Victoria Alonso Talks VFX Production, Marvel and The Avengers
The journey that brought Victoria Alonso, the young political activist studying psychology and drama in Argentina, to the sound stages of The Avengers as Co-Producer and Executive Vice President of Visual Effects and Post-Production at Marvel Studios, was long, difficult and quite circuitous. There’s always luck involved in such a career trajectory, but mostly, you get there through the incredibly hard work needed to take advantage of any lucky breaks that come your way.
Like many execs in “the biz,” she started as a PA, moving from one job to the next. As she explained, “I picked up a lot of garbage and fetched a lot of lunches and a ton of coffee. That was before Starbucks even existed! And we didn’t even have cell phones when I started.” Soon she found herself working for Tony and Ridley Scott’s RSA commercial house, moving from there to Digital Domain as an assistant to an executive who had broken her leg and needed someone to fetch things – faxes, coffee, whatever. She stayed for 4 years. At DD, her timing couldn’t have been better. CG was relatively new and few wanted the hassle of producing it besides her. “Give it to the kid, she’ll do it” lead to getting every CG/3D project that came in. She devoted herself to learning all she could from the CG artists and technologists handling the work.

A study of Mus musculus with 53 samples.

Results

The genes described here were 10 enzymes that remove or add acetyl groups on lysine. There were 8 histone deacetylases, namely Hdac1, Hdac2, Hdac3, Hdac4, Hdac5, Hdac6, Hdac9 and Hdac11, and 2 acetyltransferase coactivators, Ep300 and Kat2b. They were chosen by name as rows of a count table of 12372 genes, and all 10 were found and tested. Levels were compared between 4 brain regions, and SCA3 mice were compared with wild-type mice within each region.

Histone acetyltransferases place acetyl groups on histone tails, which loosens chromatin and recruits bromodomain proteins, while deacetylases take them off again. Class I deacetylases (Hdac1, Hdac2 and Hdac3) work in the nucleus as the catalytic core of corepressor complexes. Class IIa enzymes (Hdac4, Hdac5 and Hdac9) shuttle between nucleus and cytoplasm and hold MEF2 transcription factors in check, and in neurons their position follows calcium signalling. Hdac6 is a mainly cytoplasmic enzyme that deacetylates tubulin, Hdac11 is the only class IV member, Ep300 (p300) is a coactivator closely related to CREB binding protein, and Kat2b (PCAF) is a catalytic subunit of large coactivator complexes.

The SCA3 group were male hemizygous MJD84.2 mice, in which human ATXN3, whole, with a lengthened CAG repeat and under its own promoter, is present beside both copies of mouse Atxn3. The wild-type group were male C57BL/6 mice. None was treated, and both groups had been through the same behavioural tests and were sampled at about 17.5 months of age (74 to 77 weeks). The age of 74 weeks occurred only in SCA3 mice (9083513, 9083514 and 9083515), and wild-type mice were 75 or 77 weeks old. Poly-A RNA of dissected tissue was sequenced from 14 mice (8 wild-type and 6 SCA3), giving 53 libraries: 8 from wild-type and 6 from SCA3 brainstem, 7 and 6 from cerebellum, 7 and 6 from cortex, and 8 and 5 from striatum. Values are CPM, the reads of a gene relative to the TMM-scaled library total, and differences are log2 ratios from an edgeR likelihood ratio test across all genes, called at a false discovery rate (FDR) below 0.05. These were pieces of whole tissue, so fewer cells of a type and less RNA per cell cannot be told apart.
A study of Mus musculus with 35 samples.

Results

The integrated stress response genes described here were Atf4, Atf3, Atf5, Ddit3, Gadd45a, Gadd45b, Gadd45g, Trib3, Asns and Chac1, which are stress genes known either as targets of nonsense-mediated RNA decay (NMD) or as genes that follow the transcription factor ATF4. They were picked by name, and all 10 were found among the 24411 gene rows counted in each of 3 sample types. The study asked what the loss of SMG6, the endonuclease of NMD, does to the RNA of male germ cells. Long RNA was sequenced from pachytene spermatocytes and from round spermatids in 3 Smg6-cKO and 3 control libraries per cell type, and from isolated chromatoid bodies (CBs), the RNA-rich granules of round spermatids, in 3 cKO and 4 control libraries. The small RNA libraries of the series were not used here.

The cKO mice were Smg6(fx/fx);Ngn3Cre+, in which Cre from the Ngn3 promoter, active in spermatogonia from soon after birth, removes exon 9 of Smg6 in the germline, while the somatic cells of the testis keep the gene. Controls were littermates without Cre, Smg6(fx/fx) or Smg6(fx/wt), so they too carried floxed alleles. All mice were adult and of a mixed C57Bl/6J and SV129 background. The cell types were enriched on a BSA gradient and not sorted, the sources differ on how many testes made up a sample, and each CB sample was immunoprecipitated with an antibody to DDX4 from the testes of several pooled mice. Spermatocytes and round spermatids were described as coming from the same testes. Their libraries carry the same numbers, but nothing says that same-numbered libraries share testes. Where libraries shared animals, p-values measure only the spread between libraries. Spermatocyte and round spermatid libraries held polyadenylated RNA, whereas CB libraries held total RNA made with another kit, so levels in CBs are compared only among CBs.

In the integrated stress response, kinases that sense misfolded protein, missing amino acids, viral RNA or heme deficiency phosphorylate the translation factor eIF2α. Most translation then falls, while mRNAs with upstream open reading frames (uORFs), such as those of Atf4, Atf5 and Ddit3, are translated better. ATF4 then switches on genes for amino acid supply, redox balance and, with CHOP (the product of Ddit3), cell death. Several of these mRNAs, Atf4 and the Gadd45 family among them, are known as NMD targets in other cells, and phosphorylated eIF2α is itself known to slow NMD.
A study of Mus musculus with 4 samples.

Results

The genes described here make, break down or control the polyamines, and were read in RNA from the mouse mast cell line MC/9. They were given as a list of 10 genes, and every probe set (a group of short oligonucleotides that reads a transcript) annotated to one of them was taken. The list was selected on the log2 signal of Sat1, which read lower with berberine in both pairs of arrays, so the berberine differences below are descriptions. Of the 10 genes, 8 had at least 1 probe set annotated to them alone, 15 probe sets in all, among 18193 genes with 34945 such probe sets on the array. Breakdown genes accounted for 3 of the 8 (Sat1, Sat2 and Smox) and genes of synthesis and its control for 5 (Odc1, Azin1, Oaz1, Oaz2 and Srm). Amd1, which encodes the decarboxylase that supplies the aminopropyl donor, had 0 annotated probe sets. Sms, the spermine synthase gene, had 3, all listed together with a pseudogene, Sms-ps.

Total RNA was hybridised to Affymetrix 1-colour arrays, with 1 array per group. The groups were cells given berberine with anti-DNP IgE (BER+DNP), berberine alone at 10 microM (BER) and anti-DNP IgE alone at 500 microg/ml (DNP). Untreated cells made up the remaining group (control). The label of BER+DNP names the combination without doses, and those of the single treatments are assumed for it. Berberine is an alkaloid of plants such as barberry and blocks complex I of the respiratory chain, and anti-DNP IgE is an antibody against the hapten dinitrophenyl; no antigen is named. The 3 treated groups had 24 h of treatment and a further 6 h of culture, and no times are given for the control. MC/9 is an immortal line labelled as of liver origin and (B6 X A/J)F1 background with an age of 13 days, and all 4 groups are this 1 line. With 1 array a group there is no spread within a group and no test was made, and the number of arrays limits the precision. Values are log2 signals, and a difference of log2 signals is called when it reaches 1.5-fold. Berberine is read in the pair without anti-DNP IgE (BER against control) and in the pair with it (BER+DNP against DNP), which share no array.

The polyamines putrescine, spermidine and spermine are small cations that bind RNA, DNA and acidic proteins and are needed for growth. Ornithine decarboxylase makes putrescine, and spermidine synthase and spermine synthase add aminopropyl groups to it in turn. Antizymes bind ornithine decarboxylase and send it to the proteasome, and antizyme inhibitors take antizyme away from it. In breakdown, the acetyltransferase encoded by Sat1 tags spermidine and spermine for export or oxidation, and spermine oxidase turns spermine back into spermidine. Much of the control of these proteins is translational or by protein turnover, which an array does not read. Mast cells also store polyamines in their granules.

After a number of studios and films later, including stops at Rhythm & Hues, DreamWorks and Sony working on projects like Shrek, Big Fish and Hancock, she found herself on a collision course with Marvel. Her colleague, Hancock’s producer, told her about an opportunity to work on a new film called Iron Man. She was intrigued but knew nothing of the comics. 7 years later, as they say, the rest is history. Her latest film, The Avengers, is about to be released and is expected to be one of the biggest films of 2012, if not ever.
Recently, Victoria and I had a chance to talk about her career, the pressures of filmmaking and the challenges of producing massive vfx-driven films like Iron Man 2, Captain America, Thor and The Avengers.
Dan Sarto: This has been a tremendously busy time for Marvel and a busy few years for you. Most recently, three big films, three different directors, three different productions. Can you tell us about your approach to producing visual effects?
Victoria Alonso: You know, we’re getting better and better at multitasking. Right now, this is our sixth movie. We have Iron Man, Hulk, Iron Man 2, Thor, Captain America, and The Avengers. We’re finding our groove, although it hasn’t been very many years. It’s been pretty hectic in the volume of information and data that we move around. I didn’t work on Hulk, so I couldn’t take any credit for that, but all the other films I have. It’s like juggling octuplets. Everything is important, everything has to be done now, but sometimes you can let one kid cry a little longer because you've got to get to the one that is choking. So it’s a constant juggling of people and resources.